Eric Chenaux – Say Laura

2 out of 5

Label: Murailles Music

Produced by: Eric Chenaux, Cyril Harrison

I listen to plenty of acquired taste-required music. I can’t really look down my noise at people who might not feel it, and, in fact, I probably would start out by expecting them not to. With outre stuff, I think discussing its pros and cons is better limited to those who already find it appealing.

Reading reviews of experimental guitarist Eric Chenaux’s other albums, as well as Say Laura, it’s very clear that there are fans of this, and I can’t say I quite acquired the taste. If I’m going the opposite way and looking down my nose at the appreciators, I’d draw some lines between reviews where I don’t see much distinction between albums, or any particular praise of, specifically, the instrumentation or the lyrics – it’s more just, like, this stuff is off-kilter but very soothing, and if it’s your bag, it’s your bag.

But if I try to stand up straight and look the fans eye to eye (and I’m pretty short, so I probably have to get down off my soapbox for that looking-down-my-nose business), I’m positive I’m just cherry-picking, and overlooking nuance that’s surely there. After all, while not having acquired the taste per se, there are some things I like on Say Laura – quite a bit, actually – more than other things, so if there’s diversity intra-album, I’d believe there’s the same between releases.

When I was younger, there was a period where I couldn’t listen to traditional “songs;” my ears required a bit of chaos. That leant itself to some extreme noise, but eventually I found that there was a more gentle version of this as well – the loose, wandering experimentations of someone like Richard Youngs for example. Chenaux leans more toward light jazz or even twee touches over Youngs’ folk and rock influences, but the open-ended structure is there. However, just as all-out noise provided a grounding in a way – there’s always something going on – even Youngs’ most oblique stuff had a similar grounding. Chenaux, on the other hand, feels like the bleary-eyed nigh-improv approach as applied to everything – the music, the lyrics, the singing. Because he sings in a falsetto and the music rarely rises above slow and sleepy, I get how it can be soothing, and probably in the same way I found noise “soothing;” but for my ears, the all-in loosey-goosiness of this just leaves me completely adrift at points – those points being when Eric’s attentions drift and he’s barely singing, and barely playing; the stuff is just above stillness and silence. And unfortunately – for me – that is a good majority of the record.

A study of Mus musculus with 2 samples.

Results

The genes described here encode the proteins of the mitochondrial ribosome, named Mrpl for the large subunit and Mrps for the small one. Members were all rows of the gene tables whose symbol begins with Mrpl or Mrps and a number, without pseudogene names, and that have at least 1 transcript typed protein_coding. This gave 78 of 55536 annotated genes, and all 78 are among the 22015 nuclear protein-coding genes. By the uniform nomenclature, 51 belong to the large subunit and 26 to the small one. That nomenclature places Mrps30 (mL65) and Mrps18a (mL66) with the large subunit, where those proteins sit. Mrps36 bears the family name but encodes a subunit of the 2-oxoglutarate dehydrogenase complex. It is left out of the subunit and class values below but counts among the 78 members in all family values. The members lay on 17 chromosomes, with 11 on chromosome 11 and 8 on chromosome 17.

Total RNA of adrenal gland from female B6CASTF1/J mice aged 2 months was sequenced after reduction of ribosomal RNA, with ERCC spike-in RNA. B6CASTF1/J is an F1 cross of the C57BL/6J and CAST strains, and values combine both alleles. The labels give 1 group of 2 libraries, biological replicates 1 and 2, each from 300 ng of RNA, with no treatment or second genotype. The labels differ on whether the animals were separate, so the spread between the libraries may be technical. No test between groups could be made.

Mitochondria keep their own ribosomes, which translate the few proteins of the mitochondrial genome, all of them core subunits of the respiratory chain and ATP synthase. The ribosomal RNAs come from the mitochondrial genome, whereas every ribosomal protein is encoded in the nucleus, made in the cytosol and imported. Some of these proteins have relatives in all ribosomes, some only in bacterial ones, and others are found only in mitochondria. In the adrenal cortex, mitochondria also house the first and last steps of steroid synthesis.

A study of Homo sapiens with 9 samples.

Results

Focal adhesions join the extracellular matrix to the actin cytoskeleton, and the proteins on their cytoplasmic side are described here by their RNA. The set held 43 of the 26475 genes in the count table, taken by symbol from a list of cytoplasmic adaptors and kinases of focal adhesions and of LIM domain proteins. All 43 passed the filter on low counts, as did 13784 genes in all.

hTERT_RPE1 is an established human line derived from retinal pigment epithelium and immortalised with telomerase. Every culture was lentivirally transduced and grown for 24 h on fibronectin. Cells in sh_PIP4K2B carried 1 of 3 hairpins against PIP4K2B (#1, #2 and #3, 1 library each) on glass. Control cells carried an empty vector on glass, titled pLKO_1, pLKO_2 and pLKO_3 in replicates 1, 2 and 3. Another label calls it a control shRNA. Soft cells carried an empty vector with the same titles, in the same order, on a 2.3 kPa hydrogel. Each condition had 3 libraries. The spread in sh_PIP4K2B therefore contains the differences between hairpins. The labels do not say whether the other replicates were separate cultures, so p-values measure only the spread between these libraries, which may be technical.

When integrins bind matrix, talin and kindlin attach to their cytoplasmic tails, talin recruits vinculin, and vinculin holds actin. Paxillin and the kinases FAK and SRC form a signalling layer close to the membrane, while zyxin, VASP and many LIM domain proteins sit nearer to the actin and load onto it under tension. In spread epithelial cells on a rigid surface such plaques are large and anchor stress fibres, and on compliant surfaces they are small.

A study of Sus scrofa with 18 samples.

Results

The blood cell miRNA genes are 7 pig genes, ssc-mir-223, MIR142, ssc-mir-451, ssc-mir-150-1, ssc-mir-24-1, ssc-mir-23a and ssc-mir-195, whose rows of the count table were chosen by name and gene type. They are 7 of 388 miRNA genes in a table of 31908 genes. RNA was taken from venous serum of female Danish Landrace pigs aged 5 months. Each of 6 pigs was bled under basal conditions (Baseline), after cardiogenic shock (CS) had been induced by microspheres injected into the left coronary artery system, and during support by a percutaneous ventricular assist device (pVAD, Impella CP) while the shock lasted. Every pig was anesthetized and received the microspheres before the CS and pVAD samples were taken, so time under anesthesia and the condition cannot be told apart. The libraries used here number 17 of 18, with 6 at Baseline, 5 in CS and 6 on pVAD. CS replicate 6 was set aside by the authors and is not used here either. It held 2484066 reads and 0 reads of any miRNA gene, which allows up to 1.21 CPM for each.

Though not all of it. While I can’t get much out of Eric’s lyrics (cowritten by Ryan Driver, who contributes Wurlitzer to the recording) – they’re rather word-association-y, where those associations are often lovestruck ones – the babbling stream of Chenaux’s voice, combined with a similar rumbling pluck of guitars or light electronic additions is soothing when it’s all in motion; it’s rather mesmerizing, actually, almost drone-like. Opener Hello, How? and Hey. functions in this mode for most of its runtime, and once you know what to expect, it’s quite beautiful, in its fashion. But almost all of the other tracks drift towards the other style, peaking briefly at the end of New Rhythm and the beginning of the title track, amounting to only a small fraction of the entire runtime. (And more evidence of my preference for this is that the edit of track Say Laura, included with the digital, strips out all the navel-gazing and is on par with the opener, whereas the full version… tends toward snooze.)

That hint of enjoyment allows me to accept that ears of other discernment will appreciate the rest of the album. How it stacks up to Chenaux’s other works I can’t say, and probably won’t be exploring, but I’m glad I took the time to explore this record, perhaps expanding my tastes just that little bit more.